A couple weeks ago I watched this youtube video called Goals vs. Systems, linked below. It really got me thinking. Setting goals has always been something I perceived as a positive thing. And I still believe goals are important. But I also realized that although I have always believed in setting goals, I've also more strongly implemented creating functional systems in my life that allow my goals to transpire. Having goals alone is not enough.

The video was based on the book How to Fail at Almost Everything and Still Win Big, by Scott Adams. A book that is now on my must read list. They described the following:

Goals: reach it and be done objectives, easy to sell, easy to fail.

Systems: What you do on a regular basis with the general expectation of improving.

So, with regard to running: having a time you wish to achieve for a specific distance, like the marathon, is a goal. On the other hand, learning to train consistently, exercising and finding movement daily, is the development of a system. Accomplishing goals can occur within that system as well. Once a goal is accomplished, it is over. It is also something that has the potential to not be accomplished, making it really scary for some. The possibility of failure looms (but failure is a topic for another day).

A demeanor of rigidly pursuing your goal can potentially close you off to opportunity and growth. Developing a system by which allows you to rise and accomplish things helps you achieve your pursuits while simultaneously being open to experience. This makes me things of the monarch butterflies on their migrations. These tiny creatures fly thousands of miles. Butterflies flit and float. They are not driven on a direct route from point A to point B over thousands of miles. They flutter about from plant to plant, they land, they pollinate, they fly in every direction. They get to their destination, and on the way they experienced all the things.

Goals are very direct. They are not all-encompassing. They are rather simplistic. If longevity and long-term success are important to you, developing effective systems for yourself to exist in is more necessary than setting a goal. Don't get me wrong, goals are great. But systems are primary. Goals are really useful in order to finish a workout, achieve your set interval times, get the number of repetitions done that you need.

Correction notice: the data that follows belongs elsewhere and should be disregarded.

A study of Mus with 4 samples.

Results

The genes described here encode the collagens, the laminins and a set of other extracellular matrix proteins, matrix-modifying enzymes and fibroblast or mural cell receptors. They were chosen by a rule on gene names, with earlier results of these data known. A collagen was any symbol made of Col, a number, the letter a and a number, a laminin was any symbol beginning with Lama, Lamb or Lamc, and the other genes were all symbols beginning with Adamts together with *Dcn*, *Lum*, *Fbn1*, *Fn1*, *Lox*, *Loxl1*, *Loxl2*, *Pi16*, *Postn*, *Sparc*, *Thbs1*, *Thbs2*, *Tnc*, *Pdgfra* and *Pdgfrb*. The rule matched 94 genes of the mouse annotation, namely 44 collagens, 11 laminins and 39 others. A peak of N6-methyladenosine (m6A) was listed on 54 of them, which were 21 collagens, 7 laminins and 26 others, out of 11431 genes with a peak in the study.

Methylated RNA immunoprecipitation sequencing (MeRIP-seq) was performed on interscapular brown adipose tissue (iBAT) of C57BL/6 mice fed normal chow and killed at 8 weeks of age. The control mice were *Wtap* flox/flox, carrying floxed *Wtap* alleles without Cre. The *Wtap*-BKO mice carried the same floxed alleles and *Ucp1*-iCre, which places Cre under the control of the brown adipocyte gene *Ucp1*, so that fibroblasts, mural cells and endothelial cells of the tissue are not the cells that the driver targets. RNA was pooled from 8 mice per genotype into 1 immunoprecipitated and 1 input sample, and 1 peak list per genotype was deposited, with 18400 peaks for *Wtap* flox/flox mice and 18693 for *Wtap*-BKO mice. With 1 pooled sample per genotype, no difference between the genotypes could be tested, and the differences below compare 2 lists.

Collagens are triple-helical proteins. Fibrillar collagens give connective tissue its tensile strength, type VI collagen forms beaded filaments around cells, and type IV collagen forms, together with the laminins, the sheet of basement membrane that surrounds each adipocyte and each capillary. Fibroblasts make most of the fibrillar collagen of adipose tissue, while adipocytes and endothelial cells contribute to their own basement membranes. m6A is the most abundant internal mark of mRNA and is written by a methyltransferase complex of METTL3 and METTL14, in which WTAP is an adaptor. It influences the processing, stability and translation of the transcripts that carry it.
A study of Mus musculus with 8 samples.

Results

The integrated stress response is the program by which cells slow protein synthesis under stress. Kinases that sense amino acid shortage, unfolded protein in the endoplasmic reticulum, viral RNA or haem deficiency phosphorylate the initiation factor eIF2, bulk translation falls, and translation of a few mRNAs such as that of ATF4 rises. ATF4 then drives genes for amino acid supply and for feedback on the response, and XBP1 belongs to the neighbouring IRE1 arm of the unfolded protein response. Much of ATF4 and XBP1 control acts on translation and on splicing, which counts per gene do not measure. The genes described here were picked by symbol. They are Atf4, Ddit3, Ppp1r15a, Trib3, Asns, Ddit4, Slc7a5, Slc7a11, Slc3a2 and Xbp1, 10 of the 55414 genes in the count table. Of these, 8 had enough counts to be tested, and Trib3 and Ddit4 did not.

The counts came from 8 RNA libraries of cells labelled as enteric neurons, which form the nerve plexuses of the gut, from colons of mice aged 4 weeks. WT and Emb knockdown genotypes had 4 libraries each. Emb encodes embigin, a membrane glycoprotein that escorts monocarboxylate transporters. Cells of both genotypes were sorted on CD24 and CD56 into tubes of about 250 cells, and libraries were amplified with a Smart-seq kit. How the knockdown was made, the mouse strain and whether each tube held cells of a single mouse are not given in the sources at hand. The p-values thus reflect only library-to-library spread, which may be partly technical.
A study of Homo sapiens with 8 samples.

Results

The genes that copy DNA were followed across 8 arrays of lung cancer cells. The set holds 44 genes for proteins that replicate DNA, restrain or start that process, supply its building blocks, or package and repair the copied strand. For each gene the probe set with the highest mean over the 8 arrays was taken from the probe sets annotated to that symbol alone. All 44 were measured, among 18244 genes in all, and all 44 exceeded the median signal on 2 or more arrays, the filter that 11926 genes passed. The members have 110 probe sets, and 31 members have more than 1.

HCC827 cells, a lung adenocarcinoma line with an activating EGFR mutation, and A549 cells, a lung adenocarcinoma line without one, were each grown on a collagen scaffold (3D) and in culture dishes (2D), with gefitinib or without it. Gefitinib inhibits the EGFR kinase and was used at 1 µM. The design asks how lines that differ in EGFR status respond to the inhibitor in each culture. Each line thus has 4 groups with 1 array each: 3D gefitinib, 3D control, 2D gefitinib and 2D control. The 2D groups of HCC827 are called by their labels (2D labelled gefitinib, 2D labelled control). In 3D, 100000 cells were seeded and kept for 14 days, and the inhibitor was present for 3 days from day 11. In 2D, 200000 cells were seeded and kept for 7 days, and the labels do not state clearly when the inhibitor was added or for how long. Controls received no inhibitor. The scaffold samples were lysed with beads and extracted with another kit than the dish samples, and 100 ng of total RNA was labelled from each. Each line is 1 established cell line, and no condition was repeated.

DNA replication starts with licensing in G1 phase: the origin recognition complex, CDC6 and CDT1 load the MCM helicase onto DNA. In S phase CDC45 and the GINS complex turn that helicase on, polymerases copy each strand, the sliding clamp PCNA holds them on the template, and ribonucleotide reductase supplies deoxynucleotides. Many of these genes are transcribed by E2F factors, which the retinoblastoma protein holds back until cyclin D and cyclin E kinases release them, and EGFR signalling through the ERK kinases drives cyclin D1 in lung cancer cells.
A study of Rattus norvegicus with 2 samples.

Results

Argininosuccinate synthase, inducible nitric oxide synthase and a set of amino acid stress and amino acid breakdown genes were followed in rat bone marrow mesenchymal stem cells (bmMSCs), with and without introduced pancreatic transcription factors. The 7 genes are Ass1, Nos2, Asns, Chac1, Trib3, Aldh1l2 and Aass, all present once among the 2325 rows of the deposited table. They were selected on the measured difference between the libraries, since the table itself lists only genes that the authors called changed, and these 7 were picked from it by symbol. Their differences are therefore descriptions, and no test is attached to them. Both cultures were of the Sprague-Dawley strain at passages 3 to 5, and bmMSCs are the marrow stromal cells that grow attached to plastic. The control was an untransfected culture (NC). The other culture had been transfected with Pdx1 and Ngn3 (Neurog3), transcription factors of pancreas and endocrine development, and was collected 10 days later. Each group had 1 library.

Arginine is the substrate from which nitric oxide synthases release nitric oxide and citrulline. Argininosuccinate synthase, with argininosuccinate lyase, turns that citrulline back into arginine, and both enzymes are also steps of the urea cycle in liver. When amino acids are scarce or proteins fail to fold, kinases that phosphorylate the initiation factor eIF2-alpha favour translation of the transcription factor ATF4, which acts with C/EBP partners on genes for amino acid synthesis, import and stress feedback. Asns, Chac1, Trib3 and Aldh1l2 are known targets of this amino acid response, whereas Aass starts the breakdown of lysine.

The systemic approach is everything when it comes to your lifelong relationship with running and your personal wellness. When we focus more on systems that goals, we are able to develop transferrable skills. Our way of being, our thought process, our resiliency, our ability to problem solve: these are all things that we can develop within your system of running that can be applied to any aspect of your life. I can't help but recognize how important spending energy on developing systems is right now, with regard to running and life. This is a time when there is endless opportunity to develop your own system, without the distraction of races interfering with figuring out who you are as a runner and how you are as a person.

Systems are your way of life.

The way you run.

The way you approach your fitness.

The mindset you have in the way you tackle each day.

The kindness you show to your body and mind.

Create a system that allows you to strive and thrive.

Create a system that will allow you to find your value in each day, and appreciate your body and mind.

Create a system that allows you to seek improvement, and consistently bear witness to your improvement.

It really is true that systems lead to success. And as this video says, "success is luck multiplied by the skills you obtain. You can accelerate skill development, improve awareness of opportunities, and increase the possibility of luck finding you."